Monthly Archives: December 2009

Sunday: DeKorte Walk (+ Shrike?)

  This Sunday at 10 a.m. is the next First-Sunday-of-the-Month Bird Walk with Bergen County Audubon Society.

  This free two-hour nature walk starts outside the Meadowlands Environment Center in DeKorte Park in Lyndhurst .

  We’ll walk around the 110-park, looking for wintering waterfowl and other birds, and likely head out Disposal Road to look for the Northern Shrike.

   To rsvp, contact Don Torino of the BCAS at

Shrike Update (Plus!) 123009


   The Northern Shrike continues along Disposal Road. It was spotted around 11:45 a.m. by Jamie Glydon, and also seen by several others.

    IMG_4553Glydon has tried for 10 years to see the bird in New Jersey, including three hours on Disposal Road in the wind and cold yesterday. 

   Glydon had been looking for more than an hour today before he found the bird high on a bare tree across the retention pond. (Thanks, Jamie!)

   Also of note: We are thinking the bird above is a Cackling Goose, seen today in the Saw Mill Tidal Impoundent near the Lyndhurst Nature Preserve in DeKorte Park. Smaller bill, smaller size than the Canada in the background. 

   In the same general area (or beyond): Pintails, Gadwalls, Bufflehead, Common Mergs, Hooded Mergs. Also had a Merlin on Valley Brook just outside DeKorte (thanks, Charley!). Will post a pic later today.


Disposal Road Harrier (but No Shrike)

Copy of Copy of IMG_3271

   Ron Shields took this shot of a Northern Harrier riding the winds on Disposal Road yesterday. (Thanks, Ron.)

   To our knowledge, the Northern Shrike has not been seen yesterday or so far today, but we are optimistic. The shrike can be a challenge to see.

   If you see the shrike (or better yet, take some good shots of it), please e-mail Jim Wright here.

End-of the-Year Walk: The Report


    The rumors are true: We really did have a bird walk at DeKorte Park today, with nearly 18 undaunted people taking a short trek to look for waterfowl in the few parts of the impoundments that weren't iced up yet.

    Sightings included more than a dozen Canvasback, three Pintail, 8 Gadwall, multiply Mallards, a Black Duck or two, lots of CAGO and a few Mute Swans.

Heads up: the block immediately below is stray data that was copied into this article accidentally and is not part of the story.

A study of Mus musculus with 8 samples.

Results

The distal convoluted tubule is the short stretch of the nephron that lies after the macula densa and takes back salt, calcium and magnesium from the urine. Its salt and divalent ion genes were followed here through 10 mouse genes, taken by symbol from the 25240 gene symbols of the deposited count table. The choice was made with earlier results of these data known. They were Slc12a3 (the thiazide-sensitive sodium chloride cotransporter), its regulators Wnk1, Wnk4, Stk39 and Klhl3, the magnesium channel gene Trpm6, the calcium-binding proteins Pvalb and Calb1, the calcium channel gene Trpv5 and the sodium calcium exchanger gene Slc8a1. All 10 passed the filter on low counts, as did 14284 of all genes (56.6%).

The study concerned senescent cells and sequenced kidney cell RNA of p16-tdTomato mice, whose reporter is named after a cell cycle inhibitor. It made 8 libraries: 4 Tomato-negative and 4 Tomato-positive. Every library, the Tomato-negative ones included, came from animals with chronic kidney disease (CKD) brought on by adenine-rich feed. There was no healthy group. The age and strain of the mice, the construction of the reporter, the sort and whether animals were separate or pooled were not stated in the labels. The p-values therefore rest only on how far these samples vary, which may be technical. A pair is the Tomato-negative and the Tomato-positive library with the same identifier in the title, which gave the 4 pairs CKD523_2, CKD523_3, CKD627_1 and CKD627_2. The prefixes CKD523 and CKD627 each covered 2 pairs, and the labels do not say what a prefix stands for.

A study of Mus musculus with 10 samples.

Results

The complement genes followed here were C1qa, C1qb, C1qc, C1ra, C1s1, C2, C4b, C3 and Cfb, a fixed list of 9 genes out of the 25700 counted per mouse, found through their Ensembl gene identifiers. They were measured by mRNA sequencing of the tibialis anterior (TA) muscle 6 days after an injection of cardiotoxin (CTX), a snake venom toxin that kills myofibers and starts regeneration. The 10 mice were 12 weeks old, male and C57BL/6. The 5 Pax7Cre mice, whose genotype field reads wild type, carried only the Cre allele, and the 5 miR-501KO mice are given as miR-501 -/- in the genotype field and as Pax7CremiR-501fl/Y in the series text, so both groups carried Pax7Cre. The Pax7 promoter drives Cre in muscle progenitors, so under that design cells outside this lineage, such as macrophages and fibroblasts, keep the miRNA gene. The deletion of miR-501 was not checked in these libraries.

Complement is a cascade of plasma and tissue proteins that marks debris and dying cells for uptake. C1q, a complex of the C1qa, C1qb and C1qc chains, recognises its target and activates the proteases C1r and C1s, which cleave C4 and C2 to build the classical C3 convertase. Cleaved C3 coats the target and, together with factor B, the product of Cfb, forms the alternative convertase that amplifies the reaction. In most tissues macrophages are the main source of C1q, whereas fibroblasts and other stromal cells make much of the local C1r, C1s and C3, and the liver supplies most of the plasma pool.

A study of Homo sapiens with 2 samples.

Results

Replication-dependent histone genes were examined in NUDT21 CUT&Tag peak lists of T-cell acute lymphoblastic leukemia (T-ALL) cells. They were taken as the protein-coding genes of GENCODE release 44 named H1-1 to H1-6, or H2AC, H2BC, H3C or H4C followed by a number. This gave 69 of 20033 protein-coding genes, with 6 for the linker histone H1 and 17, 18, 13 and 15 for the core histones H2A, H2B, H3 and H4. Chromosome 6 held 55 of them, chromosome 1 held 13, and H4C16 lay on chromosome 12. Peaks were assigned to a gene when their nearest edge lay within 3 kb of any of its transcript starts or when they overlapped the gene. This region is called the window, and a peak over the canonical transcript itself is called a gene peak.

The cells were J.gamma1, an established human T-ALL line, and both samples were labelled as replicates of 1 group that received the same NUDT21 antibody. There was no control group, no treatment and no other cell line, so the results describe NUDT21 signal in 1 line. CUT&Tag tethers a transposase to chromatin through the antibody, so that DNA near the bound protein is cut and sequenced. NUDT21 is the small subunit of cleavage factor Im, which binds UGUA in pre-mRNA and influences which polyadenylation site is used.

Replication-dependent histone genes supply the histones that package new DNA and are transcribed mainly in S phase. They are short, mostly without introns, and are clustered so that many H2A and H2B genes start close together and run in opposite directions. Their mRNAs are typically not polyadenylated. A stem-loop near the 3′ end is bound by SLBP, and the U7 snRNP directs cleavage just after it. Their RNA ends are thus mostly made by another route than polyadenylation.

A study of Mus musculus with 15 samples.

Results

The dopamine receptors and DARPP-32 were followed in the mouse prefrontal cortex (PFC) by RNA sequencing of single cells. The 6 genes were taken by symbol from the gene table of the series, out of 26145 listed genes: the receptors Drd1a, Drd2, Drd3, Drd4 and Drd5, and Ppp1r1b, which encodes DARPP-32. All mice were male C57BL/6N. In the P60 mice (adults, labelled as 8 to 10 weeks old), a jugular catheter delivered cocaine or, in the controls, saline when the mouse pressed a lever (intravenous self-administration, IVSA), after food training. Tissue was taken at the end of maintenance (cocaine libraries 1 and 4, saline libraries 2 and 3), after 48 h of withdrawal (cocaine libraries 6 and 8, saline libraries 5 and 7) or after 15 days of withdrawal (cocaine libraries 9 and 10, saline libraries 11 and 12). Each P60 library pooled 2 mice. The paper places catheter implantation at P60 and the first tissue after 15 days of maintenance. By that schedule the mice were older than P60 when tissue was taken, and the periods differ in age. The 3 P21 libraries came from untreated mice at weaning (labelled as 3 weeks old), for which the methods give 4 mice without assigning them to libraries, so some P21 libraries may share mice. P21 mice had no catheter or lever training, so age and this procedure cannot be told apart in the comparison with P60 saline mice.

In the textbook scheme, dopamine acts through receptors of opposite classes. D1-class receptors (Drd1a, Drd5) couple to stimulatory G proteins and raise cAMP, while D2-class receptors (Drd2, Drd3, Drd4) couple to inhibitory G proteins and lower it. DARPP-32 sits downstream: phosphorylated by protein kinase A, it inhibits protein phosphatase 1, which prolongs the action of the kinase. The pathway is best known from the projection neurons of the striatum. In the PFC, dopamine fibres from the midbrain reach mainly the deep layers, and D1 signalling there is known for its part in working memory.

IMG_4535 After coffee, cocoa and cookies, we drove out to Disposal Road in hopes of spying the Northern Shrike, but the wind and the cold made it a bit of  a masochism clinic.  The Northern Shrike was apparently hunkered down somewhere, like most sensible humans.

   One participant said she was going to the Antarctic next week — seriously. She received a nice dress rehearsal today at DeKorte.

    Thanks to Don Torino and the great folks at Bergen County Audubon Society for leading the walk, and for all their great work during the year.

  We'd also like to thank everyone who participated in our dozens of programs, events and nature walks throughout 2009.

   Thank you, and see you in 2010!

2009, A Look Back: October

    The year 2009 marked the New Jersey Meadowlands Commission's 40th anniversary and a major expansion of our nature programs. We thought we'd celebrate by looking back at 2009, month by month.

   Here are some highlights from October:

   October 1: Bald Eagle

   October 6: Oyster Toadfish

   October 9: Yellow Bear Caterpillar

   October 15: ?

   October 22: Grasshopper Afternoons

   October 23, Mehrhof Pond, Late October

   October 23: 40th Anniversary Slide Show

   October 26: Great Blue

  October 28: Secaucus Marshes Aerial Photography

Shrike Update 122809

     The Northern Shrike has been particularly elusive today. We finally saw him just after 3 p.m., on the far side of the retention pond on Disposal Road. He seemed to wait to appear until two vans with birders in them departed.

   He then perched in the Black Locust on the top of the landfill (photo above, taken today and posted solely to give you a feel of what to look for), and zipped low again.

   Let's hope he is more cooperative for tomorrow's walk.

   Also seen — many N. Harriers, several Redtails, and a Sharpie.

Ravens Update

  Ray Duffy reports: "Two Common Ravens were seen at Laurel Hill on Saturday.  Both of them were interacting with each other.  It looked like they were preening each other in the ball field near the nest.  So it sounds like the pair is back." (Thanks, Ray!)